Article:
Nairobi Metropolitan Services (NMS) recently convened multiple EMS (Emergency Medical Services) stakeholder organizations, entities and leaders to assist with the development of standard operating procedures for emergency care services. The Constitution of Kenya (2010) and Health Act (2017) guarantees the right for Kenyans to obtain emergency medical treatment.
A 2015 African Federation for Emergency Medicine (AFEM) study highlighted key barriers that Kenyans encounter while accessing essential emergency services and called on the need to strengthen prehospital systems at the county and national levels.
It is in this backdrop that Nairobi county seeks to harmonize prehospital care and ambulance operator guidelines. We highlight key table stakes that serve as critical building blocks while mapping out the path forward and crafting EMS guidelines:
Utilize evidence based prehospital care guidelines with demonstrated positive patient outcomes and that are based on sound scientific evidence, use of effective research to improve health and local best practices for EMS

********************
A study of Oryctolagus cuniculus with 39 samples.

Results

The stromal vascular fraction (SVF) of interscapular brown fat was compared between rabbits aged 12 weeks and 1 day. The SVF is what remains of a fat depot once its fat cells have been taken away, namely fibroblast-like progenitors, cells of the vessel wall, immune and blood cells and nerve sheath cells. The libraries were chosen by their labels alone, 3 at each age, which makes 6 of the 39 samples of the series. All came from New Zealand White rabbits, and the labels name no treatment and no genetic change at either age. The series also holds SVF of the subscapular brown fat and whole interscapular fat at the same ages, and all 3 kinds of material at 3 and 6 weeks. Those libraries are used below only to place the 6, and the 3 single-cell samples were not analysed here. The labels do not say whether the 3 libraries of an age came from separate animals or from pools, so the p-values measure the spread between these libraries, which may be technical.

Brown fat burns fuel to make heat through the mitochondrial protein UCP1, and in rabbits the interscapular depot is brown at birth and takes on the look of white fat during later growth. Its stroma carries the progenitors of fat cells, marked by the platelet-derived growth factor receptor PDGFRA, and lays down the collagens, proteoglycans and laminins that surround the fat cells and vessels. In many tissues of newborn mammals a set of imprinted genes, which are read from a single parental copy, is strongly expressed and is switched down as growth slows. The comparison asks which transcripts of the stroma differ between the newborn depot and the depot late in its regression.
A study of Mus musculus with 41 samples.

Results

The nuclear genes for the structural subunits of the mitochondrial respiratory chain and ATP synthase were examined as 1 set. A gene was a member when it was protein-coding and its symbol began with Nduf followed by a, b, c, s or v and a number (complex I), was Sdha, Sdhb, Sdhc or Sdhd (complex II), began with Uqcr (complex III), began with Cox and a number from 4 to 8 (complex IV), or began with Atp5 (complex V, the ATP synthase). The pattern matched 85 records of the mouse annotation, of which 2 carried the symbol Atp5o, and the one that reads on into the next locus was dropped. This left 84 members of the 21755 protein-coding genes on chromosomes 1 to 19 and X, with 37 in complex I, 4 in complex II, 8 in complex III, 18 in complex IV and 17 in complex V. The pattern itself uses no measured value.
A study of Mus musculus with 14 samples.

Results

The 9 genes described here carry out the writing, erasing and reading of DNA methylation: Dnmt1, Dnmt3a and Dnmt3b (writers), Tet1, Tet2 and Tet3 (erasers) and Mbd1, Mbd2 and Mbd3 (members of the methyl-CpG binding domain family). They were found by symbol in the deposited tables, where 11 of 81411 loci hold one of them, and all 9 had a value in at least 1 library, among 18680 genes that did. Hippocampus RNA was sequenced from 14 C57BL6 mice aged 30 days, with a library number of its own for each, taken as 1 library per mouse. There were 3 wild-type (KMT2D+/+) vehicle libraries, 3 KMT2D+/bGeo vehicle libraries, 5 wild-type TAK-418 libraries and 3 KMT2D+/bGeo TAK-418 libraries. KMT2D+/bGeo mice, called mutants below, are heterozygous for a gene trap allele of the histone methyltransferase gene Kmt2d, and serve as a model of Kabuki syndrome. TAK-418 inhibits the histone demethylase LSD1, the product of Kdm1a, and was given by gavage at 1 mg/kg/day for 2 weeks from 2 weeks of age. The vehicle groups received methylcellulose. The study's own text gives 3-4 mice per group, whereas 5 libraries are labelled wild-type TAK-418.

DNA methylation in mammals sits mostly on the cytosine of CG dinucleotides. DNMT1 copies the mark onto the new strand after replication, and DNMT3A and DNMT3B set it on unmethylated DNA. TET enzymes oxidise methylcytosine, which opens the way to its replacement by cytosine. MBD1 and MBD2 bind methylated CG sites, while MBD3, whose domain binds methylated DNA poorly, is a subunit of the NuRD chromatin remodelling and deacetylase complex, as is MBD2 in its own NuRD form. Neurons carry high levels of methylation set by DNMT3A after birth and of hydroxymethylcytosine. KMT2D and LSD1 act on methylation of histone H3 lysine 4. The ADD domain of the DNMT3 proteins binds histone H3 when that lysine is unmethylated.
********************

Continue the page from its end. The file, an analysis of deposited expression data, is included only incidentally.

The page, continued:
Develop a sustainability model that promotes the continuous refinement of prehospital care guidelines and funds ongoing operations and maintenance of EMS-related services.
Align with key strategic plans and key charter and policy documents to inform operational priorities and shape downstream activities.
Create an online single source of truth to coordinate the dissemination, versioning, implementation and evaluation of prehospital guidelines and create a robust feedback loop to accommodate stakeholder input.
Conduct ongoing systematic reviews to assess and evaluate the prehospital guidelines and ambulance operations against trusted clinical guidelines criteria.
As NMS embarks on the creation of harmonized prehospital care and ambulance operator guidelines, the need to convene key working groups, committees, educators and liaison groups will become apparent to break down existing siloes in the implementation of pre-hospital care across the county.